Crown Holder

by Shane Lewis

21 June '18

Crown Holder effluxion of color

The frozen instant in Crown Holder abstract painting


There is the intimation in this abstract art canvas by the golden color and the rudimentary and suggestive shape a diadem that is the visual basis for a manifold riot of colors, of blues, reds, and yellows. This seeming effluxion of color from the crown can signify the splendor of a social and political position of eminence and calls to us associations of the pageantry of a royal progress or the concomitant riches of real, as well as theatricalized power.


Yet also, the top-heavy form of the figure tells us of a weight or expectation, of the political responsibilities of the wielding of such power. The lean of the superstructural form to our left in the picture space reminds us of both the fragility of the position of power and perhaps of the historical anachronism of the investiture of power that affords primacy to one over all others – just as individual monarchs or rulers are liable to fall, so too, monarchy itself can and does topple, as the contemporary 's artist figure lists precariously.


Connoted here also in the relationship between the form of the crown and its superstructure is the idea of lineage. In this context, the crown or the possessor of power is not a foundation but an offshoot or scion of the luminous structure above it. Such associations are conjured by the artist as pedigree and dynastic entitlement grounded in the legitimation of hereditary offices and rights. In this connection, there is from the multi-colored upper forms a literal and familial descent involved, the vivid coloration perhaps then being the tissue of mythical and historical events – a living history enlivened by its transmission through the ages – that weighs heavily upon the regnant. This seconds the past into the exigencies of the present as both example and the simultaneous demand and obstruction of emulation.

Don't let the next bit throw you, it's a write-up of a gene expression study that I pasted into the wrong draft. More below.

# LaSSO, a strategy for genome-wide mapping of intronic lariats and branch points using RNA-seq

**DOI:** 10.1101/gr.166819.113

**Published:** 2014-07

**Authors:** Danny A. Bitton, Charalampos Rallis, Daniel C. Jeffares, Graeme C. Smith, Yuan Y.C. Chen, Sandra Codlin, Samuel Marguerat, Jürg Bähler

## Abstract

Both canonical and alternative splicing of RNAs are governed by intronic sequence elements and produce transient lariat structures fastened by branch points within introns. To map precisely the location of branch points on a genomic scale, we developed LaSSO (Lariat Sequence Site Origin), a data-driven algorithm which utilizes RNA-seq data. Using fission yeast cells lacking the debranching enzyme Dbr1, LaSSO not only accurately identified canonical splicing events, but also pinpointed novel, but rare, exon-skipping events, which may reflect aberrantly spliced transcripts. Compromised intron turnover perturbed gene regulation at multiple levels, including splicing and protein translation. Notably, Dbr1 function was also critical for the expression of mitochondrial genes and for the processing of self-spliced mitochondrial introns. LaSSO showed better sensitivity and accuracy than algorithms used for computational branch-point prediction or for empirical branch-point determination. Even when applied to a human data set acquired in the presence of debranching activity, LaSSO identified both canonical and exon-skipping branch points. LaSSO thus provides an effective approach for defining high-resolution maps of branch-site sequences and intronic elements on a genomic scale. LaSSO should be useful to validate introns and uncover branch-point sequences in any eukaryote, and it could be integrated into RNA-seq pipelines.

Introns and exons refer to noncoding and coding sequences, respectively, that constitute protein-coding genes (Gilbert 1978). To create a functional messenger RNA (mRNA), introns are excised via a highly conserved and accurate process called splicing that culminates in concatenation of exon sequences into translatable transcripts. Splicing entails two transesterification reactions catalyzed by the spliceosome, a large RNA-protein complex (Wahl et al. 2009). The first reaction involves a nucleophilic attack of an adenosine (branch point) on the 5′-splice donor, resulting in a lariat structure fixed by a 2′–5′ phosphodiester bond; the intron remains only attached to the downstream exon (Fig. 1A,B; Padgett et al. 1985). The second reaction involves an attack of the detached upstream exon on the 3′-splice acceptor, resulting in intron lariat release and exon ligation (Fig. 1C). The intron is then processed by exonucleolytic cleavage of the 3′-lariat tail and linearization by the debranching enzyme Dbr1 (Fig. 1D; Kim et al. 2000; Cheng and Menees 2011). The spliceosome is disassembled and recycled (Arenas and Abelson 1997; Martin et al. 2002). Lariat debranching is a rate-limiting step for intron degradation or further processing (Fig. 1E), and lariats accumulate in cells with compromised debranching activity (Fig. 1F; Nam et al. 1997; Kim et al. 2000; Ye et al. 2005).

Crown Holder


However, contained within the structural signification of the oil painting is an inversion of this situation: if we alternatively see the superstructure as just that – an emission from the crown, we can view futurity instead of the past. The feats, fiats, prescriptions, and indulgences of a particular government are what results from its office. The blues perhaps become a reference to political quietude, the more turbulent reds to conflict or even bloodshed. The linearity’s of the abstract art piece also intrigue, with the more central jagged lines clashing with more rounded forms on either side. This could indicate both the intransigence of differing viewpoints within government and the necessity of reaching an accommodation of these vested in an overarching authority.


Overall, therefore, the artist incorporates here the present as the inheritor of a linear past and as the prime mover that crafts the future in the frozen instant of the painted canvas. 

About author Shane Lewis was born 1962 in Dublin, UK. He studied at National College of Art and Design, Dublin. Educated in Ireland and the US. Lives in New York. Has also lived in UK. Modern Art. Contemporary Art. Build up collections, Institutions, Preservation, Research. E:This email address is being protected from spambots. You need JavaScript enabled to view it.